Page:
Long before “Friends” made its official debut in China, the show was a word-of-mouth phenomenon in the country. In the wake of Matthew Perry’s death at 54, fans in China are mourning the loss of the star who felt less like a distant celebrity and more like an old friend.
A Wednesday evening memorial at a cafe in Shenzhen, a busy city across the border of Hong Kong, was one of several held throughout the country for the actor who played Chandler Bing and died Saturday in Los Angeles. The coffee shop — an homage to the 10-season sitcom, from its name (Smelly Cat) to the Central Perk sign on its glass wall — was packed with people and floral arrangements as the TV mounted in the corner played an episode of “Friends.”
“There are more people who showed up than we expected,” said cafe manager Nie Yanxia. “People shared their own memories about Chandler and ‘Friends’ and many teared up.”
A large poster displayed on the bar featured pictures of Perry over the years. “We love you, friend,” read the message at the bottom.
While “Friends” didn’t debut in China until 2012 — through Sohu, a streaming platform — the show had become popular more than a decade earlier thanks to bootleg DVD and hard drive copies. Once Chinese fans added Mandarin subtitles to the show, which ran in the U.S. from 1994 to 2004, it quickly gained a following.
“China was experiencing this drastic historical change marked by the rise of consumerism and also individualism and urbanization back then,” said Xian Wang, a professor on modern Chinese literature and popular culture at the University of Notre Dame. “This TV show actually offered a way to imagine this kind of so-called metropolitan utopian imagination.”
Many Chinese fans learned English through watching the show and got a peek into American life and culture. The uncensored underground version of “Friends” also opened a window into topics that weren’t commonly broached on Chinese television, like LGBTQ+ themes and sexual content. (While “Friends” wasn’t initially censored on Sohu, the platform — and others that later began officially distributing the show in China — would increasingly cut out scenes.)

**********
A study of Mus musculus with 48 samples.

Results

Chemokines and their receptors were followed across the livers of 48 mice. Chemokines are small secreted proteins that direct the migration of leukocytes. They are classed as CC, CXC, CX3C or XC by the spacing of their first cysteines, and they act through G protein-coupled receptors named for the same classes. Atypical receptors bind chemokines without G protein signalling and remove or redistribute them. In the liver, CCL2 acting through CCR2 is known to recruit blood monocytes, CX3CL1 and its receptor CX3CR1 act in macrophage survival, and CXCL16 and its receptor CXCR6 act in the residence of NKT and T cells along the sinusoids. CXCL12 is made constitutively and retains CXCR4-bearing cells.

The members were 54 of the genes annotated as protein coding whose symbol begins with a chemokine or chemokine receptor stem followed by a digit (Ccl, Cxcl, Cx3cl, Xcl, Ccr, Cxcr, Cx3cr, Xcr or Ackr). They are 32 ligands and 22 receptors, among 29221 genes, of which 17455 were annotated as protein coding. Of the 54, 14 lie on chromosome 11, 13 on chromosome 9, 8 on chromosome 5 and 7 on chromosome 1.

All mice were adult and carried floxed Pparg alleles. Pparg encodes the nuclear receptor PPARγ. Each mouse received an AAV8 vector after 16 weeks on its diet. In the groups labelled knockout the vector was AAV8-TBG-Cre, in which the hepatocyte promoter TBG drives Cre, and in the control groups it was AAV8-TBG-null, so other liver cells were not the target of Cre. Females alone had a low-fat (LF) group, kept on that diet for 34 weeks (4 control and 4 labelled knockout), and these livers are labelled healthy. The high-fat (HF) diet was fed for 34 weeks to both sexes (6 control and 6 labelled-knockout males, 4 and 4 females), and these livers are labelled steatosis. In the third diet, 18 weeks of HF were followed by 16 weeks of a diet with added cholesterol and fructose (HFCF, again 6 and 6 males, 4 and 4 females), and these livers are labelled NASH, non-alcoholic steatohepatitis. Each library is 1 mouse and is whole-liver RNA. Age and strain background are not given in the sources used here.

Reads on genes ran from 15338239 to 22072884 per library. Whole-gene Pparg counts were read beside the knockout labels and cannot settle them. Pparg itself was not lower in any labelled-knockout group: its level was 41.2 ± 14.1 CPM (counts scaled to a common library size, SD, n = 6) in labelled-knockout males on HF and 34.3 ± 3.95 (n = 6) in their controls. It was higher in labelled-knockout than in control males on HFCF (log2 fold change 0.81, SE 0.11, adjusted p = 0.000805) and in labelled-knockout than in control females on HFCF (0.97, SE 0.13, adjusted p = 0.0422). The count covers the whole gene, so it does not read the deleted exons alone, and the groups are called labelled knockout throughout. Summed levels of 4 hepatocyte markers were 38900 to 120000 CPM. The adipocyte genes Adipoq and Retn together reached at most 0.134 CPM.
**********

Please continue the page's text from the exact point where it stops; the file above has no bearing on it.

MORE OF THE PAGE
Wang said many young people in China identified with Perry’s character and his fictional friends as they navigated living independently and developing their own identity in a big city.
“It’s kind of like the loss of one of their own friends,” Wang said. “So that’s emotional because there was a sense of the childhood or youth memory, a sense of nostalgia.”
In the bustling neon city of Shanghai on Wednesday night, more than 30 people packed a petite rendition of the Central Perk cafe. There was barely room to stand, and just space for three to sit on a replica of the iconic orange sofa. Those who couldn’t fit inside the cafe spilled out the door, peering in, while others sat on chairs outside. Inside, fans took turns reading articles about Perry. Some choked up.
Nilufar Arkin, who lives in Tianjin, says she and her boyfriend have been described by their friends as the real-life Monica and Chandler. The couple even got matching tattoos two years ago with the lyrics from the theme song “I’ll Be There For You,” performed by The Rembrandts. The artwork on their arms also depict the classic Thanksgiving scene where Monica dances in front of Chandler wearing a turkey on her head. It was the first time Chandler told Monica that he loved her.
“I think Chandler and Monica is the model as a couple,” Arkin, 27, said. “This is what I admire for a couple, I love both of them. He’s my type as a husband.”
Arkin heard about Perry’s death when she woke up at her friend’s home in Xinjiang and broke down in tears.
“I couldn’t believe it and had to verify it again and again until I found it was true, then I just cried,” Arkin said. “He’s my top one character in the show.”
Fu Xueying has watched the series repeatedly; each time, it grows on her more. The 20-year-old student has visited three Central Perk-themed cafes, in Shanghai, Shenzhen and Guangzhou, where she felt like she was part of the show.
“’Friends’ has been a haven for my life,” Fu said. “Every time I have too much pressure from school or being unhappy, I watch it and forget the things that happened to me.”
For mechanical engineer Zhang Fengguang and his fiancee Sun Tiantian, both 30, Perry and the show will always be a part of their lives. In September, Zhang recreated Chandler and Monica’s proposal scene; Sun said yes.
“I used his scene and his line,” Zhang said. “It feels like I just got to know this long-lost friend, but he’s just gone.”
Fu Ting reported from Washington. Associated Press journalist Han Guan Ng in Shanghai contributed to this report.